A journal following the history, design, construction and operation of Bernard Kempinski's O Scale model railroad depicting the U. S. Military Railroad (USMRR) Aquia-Falmouth line in 1863, and other model railroad projects.
©Bernard Kempinski All text and images, except as noted, on this blog are copyrighted by the author and may not be used without permission.

September 29, 2012

Battery Power at Last

After  mildly disappointing DCC performance during the open house, I decided to move installing battery power to my locos up on the priority list. The DCC problems we experienced related to sporadic electrical pick-up, and difficulty with new throttle initialization. Throw in having to set dip switchs, dense 150 page instruction manuals from both the DCC and decoder manufacturer, and hexadecimal configuration variable programming and I had had it with the DCC. You can tell the DCC standard was designed by a committee, not just any committee, but a committee of engineers. We (the model RR community) need an "Apple Computer" type manufacturer to step up and streamline the whole user process. Stanton S-Scab is about as close as I have found so far. And remember, you can have it cheap, fast or good, pick two.

I had all the parts on hand from my earlier purchase of a S-Cab system from NWSL. See here.  As I laid out the components next to the engine I realized that it all was not going to fit in or on  the tender. But I was concerned that putting the decoder/radio receiver in the boiler would hurt the radio reception. I got some advice from the S-Cab yahoo group that encouraged me to proceed.

I took it slow and made sure everything was correct as I went along. First I removed the QSI decoder already in the engine.  I installed the decoder in the boiler, with a speaker in the firebox. The battery and charging circuit are on top of the motor in the tender. I used a yellow LED for the head light. It is not as bright as an incandescent lamp, but may look closer in color to the actual prototype oil lamps that they used in 1860.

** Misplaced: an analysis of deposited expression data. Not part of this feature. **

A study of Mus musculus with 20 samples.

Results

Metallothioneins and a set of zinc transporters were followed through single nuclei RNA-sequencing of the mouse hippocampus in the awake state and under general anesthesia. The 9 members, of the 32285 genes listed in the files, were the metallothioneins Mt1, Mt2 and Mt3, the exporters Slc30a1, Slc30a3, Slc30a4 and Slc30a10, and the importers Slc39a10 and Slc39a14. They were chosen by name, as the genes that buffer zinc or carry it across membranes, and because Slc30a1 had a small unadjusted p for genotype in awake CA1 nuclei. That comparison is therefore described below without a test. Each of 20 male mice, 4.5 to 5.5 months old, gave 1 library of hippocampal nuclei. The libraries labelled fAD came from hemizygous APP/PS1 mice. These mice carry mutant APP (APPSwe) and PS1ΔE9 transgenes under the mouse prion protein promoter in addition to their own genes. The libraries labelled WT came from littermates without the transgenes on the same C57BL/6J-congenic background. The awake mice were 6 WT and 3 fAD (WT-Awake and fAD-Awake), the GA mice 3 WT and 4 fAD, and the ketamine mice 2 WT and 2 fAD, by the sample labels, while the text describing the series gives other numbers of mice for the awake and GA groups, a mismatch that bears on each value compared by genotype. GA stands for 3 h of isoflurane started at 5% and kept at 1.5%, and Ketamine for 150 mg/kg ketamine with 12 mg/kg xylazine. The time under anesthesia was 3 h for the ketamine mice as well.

I was successful, and now the engine is running great with battery power. Huzzah! Radio reception has not been a problem. The engine runs very smoothly with the steady supply of power. This has been exactly what i expected from battery power. Yes, I am chuffed!

This engine had a habit of shorting at the pilot truck on some of my tighter curves. Since it is a tender drive, I decided to not use any of the pickups in the engine and to only rely on the all wheel pickup in the tender. I had previously added pick ups to all wheels in the tender, so the engine can run tender only if I want. Thanks to the battery I don't need to have all those picks in the engine in service. That simplified the wiring task a bit.

It also sounds pretty good too. Putting the speaker in the firebox helps magnify the sound.

I still need to learn how to program with the S-Cab. but it looks like I will be ordering two more systems. I will keep the DCC system for now, but once I convert to all battery power, it really won't be necessary. Same for frog juicers and powered frogs, reverse loops etc.

The future is here!


  1. The S-Cab is such an elegant solution that I have really been keeping an eye on. Are you keeping some sections of track powered for the battery to recharge as it passes over those sections?
    The really nice thing about the battery approach aside from not wiring reverse loops circuits, you don't even have to clean the track.
    The ultimate expression of this will be when someone uses battery control to model a logging tramway with wood track and a climax locomotive.

  2. Yes, I still have my EasyDCC system connected to the layout so that I can run my other engines. But once I get 3 or more SCab locos equipped, I will seriously consider switching to a simple power supply, perhaps with a short circuit alarm.

    I will continue testing the Stanton system, but so far I am excited and pleased with it.

  3. Bernie,

    These are great videos. I've always thought it would be fun to do some really early stuff with small engines (perhaps in 3/8 scale) on wooden track.

    And BTW I'm still working on scale sand!